FDA Updates Import Alert for Kratom

By Pat Anson, PNN Editor

Federal health officials may have dropped plans to schedule kratom as a controlled substance, but that’s not stopping the Food and Drug Administration from updating an import alert that gives the agency broad powers to seize shipments of the herbal supplement.

The alert targets dozens of kratom exporters and importers in the United States, Canada, Indonesia, Malaysia and the Philippines, and allows FDA inspectors to detain “without physical examination” dietary supplements and ingredients that contain kratom.  In an email, an FDA spokesperson told PNN the alert was updated for “minor changes” involved with one firm’s listing

Kratom is an herbal supplement that comes from the leaves of a tree that grows in southeast Asia, where kratom has been used for centuries as a natural stimulant and pain reliever. In recent years, millions of Americans have discovered kratom, using it to self-treat their chronic pain, anxiety, depression and addiction.

The FDA says it has “serious concerns” about kratom because of its opioid-like properties.

“Consumption of kratom can lead to a number of health impacts, including respiratory depression, nervousness, agitation, aggression, sleeplessness, hallucinations, delusions, tremors, loss of libido, constipation, skin hyperpigmentation, nausea, vomiting, and severe withdrawal signs and symptoms,” the alert warns.

The FDA issued its first import alert for kratom in 2012, just as kratom was gaining in popularity in the U.S. Since then, several large shipments of raw kratom or kratom supplements have been seized. One of the largest seizures was in 2018, when 28 tons of kratom were confiscated at a South Carolina warehouse operated by Earth Kratom, a kratom wholesaler and vendor. The kratom was later incinerated.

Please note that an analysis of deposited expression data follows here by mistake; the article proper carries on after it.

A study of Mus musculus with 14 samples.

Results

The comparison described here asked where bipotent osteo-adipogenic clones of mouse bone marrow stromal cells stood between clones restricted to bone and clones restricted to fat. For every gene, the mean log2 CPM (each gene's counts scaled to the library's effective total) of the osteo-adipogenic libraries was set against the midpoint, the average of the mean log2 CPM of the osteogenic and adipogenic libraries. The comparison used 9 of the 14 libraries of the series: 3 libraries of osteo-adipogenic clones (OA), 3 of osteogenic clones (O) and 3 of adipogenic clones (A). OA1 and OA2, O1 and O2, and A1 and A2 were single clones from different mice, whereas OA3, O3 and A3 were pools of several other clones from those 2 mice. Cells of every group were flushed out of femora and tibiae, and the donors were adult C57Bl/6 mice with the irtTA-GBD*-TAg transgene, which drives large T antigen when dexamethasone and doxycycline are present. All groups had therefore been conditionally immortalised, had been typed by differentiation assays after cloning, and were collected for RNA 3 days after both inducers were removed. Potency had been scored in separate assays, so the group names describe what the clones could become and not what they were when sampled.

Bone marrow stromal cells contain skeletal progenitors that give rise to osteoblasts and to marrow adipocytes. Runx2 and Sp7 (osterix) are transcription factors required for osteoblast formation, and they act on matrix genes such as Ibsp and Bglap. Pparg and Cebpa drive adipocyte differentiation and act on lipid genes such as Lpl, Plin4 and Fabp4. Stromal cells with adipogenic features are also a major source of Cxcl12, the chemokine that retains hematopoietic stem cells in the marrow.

Kratom can be sold legally in most U.S. states, but vendors can run into trouble if they claim it can be used to treat medical conditions or market it as a dietary supplement.

A lobbyist for the American Kratom Association, an association of kratom vendors and consumers, said the updated alert is part of the FDA’s “disinformation campaign” against kratom.

“The FDA routinely uses the import alerts in discussions with various stakeholders to highlight their claims that kratom is not ‘legally marketed’ in the United States, and by adding a recent date by way of an update makes it appear to be a recent action,” said Mac Haddow. “The import alert is an abuse of that authority that is supposed to apply to contaminated and adulterated products.

“In fact, the objections listed in the import alerts issued by the FDA technically only apply to importers who are subsequently making illegal therapeutic claims or as a dietary supplement on marketing materials. A bulk kratom importer is not subject to FDA’s authority. Kratom processors who make no claims and sell kratom as a food are not subject to any pre-market approval by the FDA.”

Federal efforts to ban kratom in 2016 failed due to a public outcry. Two years later, federal health officials quietly withdrew their request to classify kratom as a Schedule I controlled substance because of “lack of evidence” it can be abused or posed a public health threat. The FDA, however, still maintains “significant potential safety concerns” about kratom.

A 2020 study funded by the National Institute on Drug Abuse concluded that kratom is an effective treatment for pain, helps users reduce their use of opioids, and has a low risk of adverse effects.